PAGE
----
How might a little less perfection lead you to more learning, joy, and growth?
A few years ago, I shared with Nashoba Brooks School’s Grade 8 students a few musings about the insidious concept of “effortless perfection” that was hitting the headlines. It persists. Too often, perfection is held up as a goal. From airbrushed photos to curated social media profiles, we hold up unnatural perceptions and unreasonable standards as things to strive for. What is stranger to me still is the concept that you should achieve this myth of perfection without letting anybody see you sweat. I am not sure who originally had this idea or coined the phrase of “effortless perfection,” but it has got to go. I encourage, perhaps implore, students to cast off the concept of effortlessly perfect and embrace instead the notion of “effortly imperfect.” [And, yes…I know that is grammatically imperfect, and I choose to embrace it.] Life is, by definition, imperfect. People around the world have known the value of imperfection for years. The Japanese embrace the beauty of imperfection with the concept of “wabi-sabi,” Persian rug makers include intentional imperfections in their handwoven works, and the African-American quilting tradition values asymmetrical designs as having the greatest beauty. Often it is the exceptions to patterns that yield some of the greatest discoveries in science and nature. A little imperfection can be a beautiful and powerful thing. When was the last time you embraced imperfection? How might a little less perfection lead you to more learning, joy, and growth?
Alongside the book fair and poetry month, April has been a wonderful time for literature at Nashoba Brooks School. Sharon Draper and Jen Campbell, two celebrated authors, left their mark on the community over the past few weeks.
More than 75 parents responded to this year’s annual School survey and numbers were well balanced across all grade levels. The results of the survey are impressive and the feedback the parents offer to the School is glowing.
As Black History Month comes to a close, students and faculty alike celebrate diversity, acknowledging that a school is not only classrooms, gymnasiums, and fields, but also the people within these walls. Each year and at every grade level our students contemplate the presence and importance of different backgrounds, experiences and beliefs. And this month provides community members with an opportunity to reflect on what it means to be Black in America.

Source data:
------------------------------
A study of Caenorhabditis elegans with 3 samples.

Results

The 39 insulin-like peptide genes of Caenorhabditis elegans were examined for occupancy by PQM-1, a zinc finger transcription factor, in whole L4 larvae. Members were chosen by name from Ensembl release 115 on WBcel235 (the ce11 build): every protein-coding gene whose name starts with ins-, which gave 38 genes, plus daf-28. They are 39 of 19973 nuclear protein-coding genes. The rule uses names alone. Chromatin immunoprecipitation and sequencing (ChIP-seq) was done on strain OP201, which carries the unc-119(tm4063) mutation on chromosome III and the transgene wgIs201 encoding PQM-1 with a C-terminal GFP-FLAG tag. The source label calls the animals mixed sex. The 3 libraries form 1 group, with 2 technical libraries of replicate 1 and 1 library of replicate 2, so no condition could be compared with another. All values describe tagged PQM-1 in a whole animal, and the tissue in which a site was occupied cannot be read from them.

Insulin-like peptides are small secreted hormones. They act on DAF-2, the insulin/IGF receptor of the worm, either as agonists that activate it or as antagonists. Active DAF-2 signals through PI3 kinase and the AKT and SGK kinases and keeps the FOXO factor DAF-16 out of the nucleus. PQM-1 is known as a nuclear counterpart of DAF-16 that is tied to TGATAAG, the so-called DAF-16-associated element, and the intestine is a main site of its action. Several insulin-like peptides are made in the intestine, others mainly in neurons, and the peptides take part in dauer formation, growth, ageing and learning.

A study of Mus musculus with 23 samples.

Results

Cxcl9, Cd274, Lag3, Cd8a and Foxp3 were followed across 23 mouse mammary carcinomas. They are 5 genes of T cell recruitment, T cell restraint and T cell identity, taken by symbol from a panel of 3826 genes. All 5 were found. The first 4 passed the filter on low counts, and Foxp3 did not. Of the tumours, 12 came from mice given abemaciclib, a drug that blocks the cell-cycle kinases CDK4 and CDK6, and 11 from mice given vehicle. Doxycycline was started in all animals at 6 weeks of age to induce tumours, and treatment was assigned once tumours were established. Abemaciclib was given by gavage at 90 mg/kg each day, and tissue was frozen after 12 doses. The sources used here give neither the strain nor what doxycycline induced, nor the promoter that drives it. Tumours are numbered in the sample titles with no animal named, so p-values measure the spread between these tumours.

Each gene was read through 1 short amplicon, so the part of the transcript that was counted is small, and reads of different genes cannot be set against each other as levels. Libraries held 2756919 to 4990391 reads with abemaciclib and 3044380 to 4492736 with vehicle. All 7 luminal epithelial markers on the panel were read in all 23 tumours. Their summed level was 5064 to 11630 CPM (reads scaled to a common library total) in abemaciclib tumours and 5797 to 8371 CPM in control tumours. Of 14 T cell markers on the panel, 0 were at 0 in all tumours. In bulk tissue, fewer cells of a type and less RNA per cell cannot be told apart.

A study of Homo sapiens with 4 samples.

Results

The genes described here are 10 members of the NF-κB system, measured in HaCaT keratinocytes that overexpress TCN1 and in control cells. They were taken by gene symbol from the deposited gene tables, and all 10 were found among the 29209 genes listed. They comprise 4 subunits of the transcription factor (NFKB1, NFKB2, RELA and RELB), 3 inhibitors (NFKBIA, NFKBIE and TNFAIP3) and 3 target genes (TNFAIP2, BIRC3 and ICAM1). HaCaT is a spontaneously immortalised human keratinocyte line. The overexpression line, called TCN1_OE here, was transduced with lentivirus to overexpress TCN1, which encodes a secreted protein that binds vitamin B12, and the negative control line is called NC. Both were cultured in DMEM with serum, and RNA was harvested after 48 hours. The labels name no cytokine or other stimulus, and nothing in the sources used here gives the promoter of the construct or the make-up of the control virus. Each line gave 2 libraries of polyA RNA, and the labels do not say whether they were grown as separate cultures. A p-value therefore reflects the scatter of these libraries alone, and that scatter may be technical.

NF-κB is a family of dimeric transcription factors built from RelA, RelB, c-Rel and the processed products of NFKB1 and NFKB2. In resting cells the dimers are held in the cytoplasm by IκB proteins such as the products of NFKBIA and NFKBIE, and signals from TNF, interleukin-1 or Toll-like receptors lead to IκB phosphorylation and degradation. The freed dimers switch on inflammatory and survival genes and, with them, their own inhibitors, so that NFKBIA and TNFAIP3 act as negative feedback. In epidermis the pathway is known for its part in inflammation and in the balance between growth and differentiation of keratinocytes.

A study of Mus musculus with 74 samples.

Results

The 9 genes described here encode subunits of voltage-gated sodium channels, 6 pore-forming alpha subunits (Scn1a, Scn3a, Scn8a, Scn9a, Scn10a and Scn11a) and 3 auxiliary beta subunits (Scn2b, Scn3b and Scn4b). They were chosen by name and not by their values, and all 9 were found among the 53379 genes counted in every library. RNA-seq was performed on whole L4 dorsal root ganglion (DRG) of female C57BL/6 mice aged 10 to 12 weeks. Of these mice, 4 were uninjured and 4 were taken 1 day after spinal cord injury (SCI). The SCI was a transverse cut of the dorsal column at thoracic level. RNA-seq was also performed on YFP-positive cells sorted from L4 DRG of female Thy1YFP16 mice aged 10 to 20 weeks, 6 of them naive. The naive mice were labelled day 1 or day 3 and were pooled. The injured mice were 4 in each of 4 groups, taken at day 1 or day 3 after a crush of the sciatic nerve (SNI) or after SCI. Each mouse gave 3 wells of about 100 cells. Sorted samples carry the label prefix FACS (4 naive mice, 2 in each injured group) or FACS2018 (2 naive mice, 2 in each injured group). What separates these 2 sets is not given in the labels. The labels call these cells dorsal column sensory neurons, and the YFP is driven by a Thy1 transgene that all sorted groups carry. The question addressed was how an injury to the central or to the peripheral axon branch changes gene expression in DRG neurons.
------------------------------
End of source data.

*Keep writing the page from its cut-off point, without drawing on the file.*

Rachel Adams graduated from Nashoba Brooks School in 2001. She went on to study at Lawrence Academy followed by Maine College of Art and Design. Now living in Portland as a successful artist, textile designer, entrepreneur, wife and mother of two, Rachel shares her journey from student to full time artist.
Guida Mattison, Nashoba Brooks School's director of secondary school placement, wants to remove as much stress as possible from the high school application process that Grade 8 students go through each year.
Nashoba Brooks' school counselor, Liz Joyce, was accepted as a 2021-2022 fellow by The National Coalition of Girls' Schools' Global Action Research Collaborative. NCGS is an advocacy group that helps connect schools and organizations that educate and empower girls.
On Wednesday, October 20, the School held a dedication event to officially name the Sureau Family Discovery Barn. While the pandemic limited the size of the event, the community looks forward to a larger spring celebration of this compelling new addition to our campus facilities.
This year our students celebrated Hispanic Heritage Month by investigating a myriad of Hispanic and Latinx scholars, writers, and activists. In the first half of the month, students explored fifteen impactful individuals and events, selected by the Inclusivity Leadership Team (ILT).
Situated on a beautiful 30-acre campus in historic Concord, Massachusetts, Nashoba Brooks School enrolls all genders in Preschool through Grade 3, and students identifying as girls in Grades 4 through 8. Nashoba Brooks is an independent school designed to build community, character, and confidence in its students.